30 July 2009

Continuing Demand for the Watermelon

Apart from having two lunchtime recitals to gear up for, the past several days have verged upon madness, in assisting in the preparation of a Lux Nova imprint of a major score. Sunday morning, I had stopped by to visit Bill Goodwin, who kindly lent me a handheld audio recording device (one which he found at a discount, and a model which was recommended to him by a professional recording engineer in the Boston area). Thus, there are documents of the lunchtime recitals this week.

It was not absolutely the best I have ever played, but I played reasonably well, and it has been an irrecollectably long time since last I played in public two days in a row. That probably has not happened since I was in school; and the public this week was a more public public than the school public, then.

Peter and I got to the West End Branch library there about an hour ahead of the performance yesterday, but it was a while before we could get into the space.

We assembled our instruments, and decided which fish we each would station our chair on. There was a sort of play rug, a school of fish all various colors, and each bearing some number; and around the perimeter of the oval, there were parti-colored bubbles with the letters of the alphabet. Neither of us had ever performed above the images of fish ever before. Peter had brought his stand; I was counting on there being a stand or two, and there was one stand. Barely served for the purpose of spreading out the pages of Blue Shamrock, with the aid of a single paper clip. It worked, and that is all that matters. A desultory ambulance noised by on Cambridge Street just outside our window (Mass General Hospital is just a couple of blocks away).

For a microphone stand, I selected one of the stylish green preschooler chairs; grabbed three books from the book drop, and clipped the microphone to the back cover of (I do not recall the title exactly) Interviews for Dummies. As Peter and I sat down to quickly blow through a couple of pages of Heedless Watermelon, he remarks, “That is a book-drop, isn’t it?” And I was thinking what he was thinking. “They won’t drop books in the book drop while the library is open,” I said. “You speak as if with certainty,” Peter retorted. “They won’t drop books in the book drop while the library is open, will they?” I corrected.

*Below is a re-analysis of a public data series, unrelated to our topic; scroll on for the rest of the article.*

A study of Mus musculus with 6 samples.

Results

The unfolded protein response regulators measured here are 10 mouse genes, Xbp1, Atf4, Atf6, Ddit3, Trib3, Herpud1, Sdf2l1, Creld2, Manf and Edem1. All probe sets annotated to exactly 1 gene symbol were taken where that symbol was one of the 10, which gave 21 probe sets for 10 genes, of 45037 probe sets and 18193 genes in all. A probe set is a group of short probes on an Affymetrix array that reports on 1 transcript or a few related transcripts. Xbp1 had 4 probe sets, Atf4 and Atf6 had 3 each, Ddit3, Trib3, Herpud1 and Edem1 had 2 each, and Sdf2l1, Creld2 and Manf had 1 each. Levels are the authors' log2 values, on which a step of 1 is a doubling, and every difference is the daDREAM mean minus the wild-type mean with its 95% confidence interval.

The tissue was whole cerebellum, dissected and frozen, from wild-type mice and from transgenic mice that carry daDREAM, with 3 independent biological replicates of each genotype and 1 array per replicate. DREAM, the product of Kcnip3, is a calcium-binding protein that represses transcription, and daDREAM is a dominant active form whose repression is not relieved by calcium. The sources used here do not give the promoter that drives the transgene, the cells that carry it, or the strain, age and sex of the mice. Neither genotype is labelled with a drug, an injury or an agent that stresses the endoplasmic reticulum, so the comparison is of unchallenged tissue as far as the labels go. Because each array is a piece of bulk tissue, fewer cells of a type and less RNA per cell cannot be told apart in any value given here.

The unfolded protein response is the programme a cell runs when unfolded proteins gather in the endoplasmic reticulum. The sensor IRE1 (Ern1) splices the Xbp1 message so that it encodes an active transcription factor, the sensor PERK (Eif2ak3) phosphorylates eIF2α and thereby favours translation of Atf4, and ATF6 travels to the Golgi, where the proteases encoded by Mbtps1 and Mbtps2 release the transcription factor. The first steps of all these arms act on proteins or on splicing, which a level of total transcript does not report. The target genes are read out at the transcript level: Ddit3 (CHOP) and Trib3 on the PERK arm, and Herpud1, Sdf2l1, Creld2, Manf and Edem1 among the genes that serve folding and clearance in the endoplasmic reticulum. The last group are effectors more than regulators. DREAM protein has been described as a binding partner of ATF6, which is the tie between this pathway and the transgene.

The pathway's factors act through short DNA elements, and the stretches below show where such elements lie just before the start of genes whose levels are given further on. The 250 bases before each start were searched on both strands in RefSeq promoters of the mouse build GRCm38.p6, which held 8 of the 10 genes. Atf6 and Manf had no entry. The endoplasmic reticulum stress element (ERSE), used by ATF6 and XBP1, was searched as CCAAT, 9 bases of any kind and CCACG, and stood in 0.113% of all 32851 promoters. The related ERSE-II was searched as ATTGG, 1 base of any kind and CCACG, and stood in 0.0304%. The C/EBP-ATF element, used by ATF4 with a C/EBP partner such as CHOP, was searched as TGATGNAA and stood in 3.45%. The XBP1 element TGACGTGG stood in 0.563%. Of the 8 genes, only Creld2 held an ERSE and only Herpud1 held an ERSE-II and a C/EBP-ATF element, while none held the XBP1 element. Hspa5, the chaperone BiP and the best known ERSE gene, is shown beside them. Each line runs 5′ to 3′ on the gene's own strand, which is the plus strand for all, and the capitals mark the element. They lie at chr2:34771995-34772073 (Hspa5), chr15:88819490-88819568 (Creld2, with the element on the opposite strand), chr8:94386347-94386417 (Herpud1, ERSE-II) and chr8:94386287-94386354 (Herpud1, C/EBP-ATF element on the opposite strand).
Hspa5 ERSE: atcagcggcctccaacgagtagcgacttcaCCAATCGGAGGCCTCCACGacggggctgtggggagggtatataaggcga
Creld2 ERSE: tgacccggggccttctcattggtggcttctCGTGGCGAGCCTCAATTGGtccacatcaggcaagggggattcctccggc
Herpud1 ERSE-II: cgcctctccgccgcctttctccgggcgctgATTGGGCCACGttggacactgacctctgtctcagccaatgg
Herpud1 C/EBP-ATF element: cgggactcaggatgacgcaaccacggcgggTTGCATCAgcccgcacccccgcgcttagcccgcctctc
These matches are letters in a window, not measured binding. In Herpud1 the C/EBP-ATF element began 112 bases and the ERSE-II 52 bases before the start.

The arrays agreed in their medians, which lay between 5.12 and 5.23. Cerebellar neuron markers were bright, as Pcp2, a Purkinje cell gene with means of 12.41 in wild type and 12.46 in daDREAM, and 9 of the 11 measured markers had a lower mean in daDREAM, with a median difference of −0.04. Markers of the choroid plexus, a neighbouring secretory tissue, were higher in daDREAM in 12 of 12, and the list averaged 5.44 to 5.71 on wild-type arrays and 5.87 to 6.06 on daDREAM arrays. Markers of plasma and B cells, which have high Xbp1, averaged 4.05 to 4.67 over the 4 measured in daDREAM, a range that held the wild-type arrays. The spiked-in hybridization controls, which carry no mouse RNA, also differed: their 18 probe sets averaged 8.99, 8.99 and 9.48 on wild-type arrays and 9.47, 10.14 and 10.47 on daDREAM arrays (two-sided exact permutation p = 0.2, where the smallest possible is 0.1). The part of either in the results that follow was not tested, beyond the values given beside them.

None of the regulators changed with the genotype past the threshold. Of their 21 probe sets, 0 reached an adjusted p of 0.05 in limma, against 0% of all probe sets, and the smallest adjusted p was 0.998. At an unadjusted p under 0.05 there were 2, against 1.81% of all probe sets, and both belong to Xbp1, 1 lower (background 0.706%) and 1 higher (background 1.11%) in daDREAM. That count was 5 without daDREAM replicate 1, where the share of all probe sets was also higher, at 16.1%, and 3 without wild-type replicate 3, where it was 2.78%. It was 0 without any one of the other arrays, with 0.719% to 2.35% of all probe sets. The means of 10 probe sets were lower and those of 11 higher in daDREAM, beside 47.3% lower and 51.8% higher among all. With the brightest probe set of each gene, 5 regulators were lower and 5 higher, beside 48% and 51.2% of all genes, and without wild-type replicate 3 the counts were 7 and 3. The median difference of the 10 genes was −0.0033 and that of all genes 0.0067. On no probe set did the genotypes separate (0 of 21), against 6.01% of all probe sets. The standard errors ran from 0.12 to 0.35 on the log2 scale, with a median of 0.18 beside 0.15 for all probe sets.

Between the unusually strong turnout the day before at King’s Chapel, and the fact that neither of us knew at all what to expect at this new venue, we should have played with poise even for an audience of one. First two people to show up were long-standing fans of Peter’s . . . of the eight or nine listeners who turned up, we knew most of them by name, and it was all cozy.

It was an informal event, and I simply talked through the program before launching into Blue Shamrock.

For the final piece on the program (the duet), Peter & I sat down; or, I sat down first, and while Peter was gathering his flute, he asked me about the inspiration for Heedless Watermelon. After my appropriately elusive reply, we got somehow on the subject of the book-drop, when what should happen but, someone drops a book through the book-drop. Our host at the library is apologetic (nearly mortified, even) but I assure her that the timing was perfect: the drop was made between numbers, and the composer has no complaint.

As if on cue, more items drop, but Peter and I are having a great time. All contents having settled, we set the Heedless Watermelon a-rolling; I thank the audience for their kind attention, and there the program ends. Peter steps over to the book-drop and says, “Oh, the irony! What was it that was dropped? A compact disc! The competition!”

Gentleman in the audience, as he stood up after the program, said, “I hope you’ll play Heedless Watermelon again soon!” (A command performance!)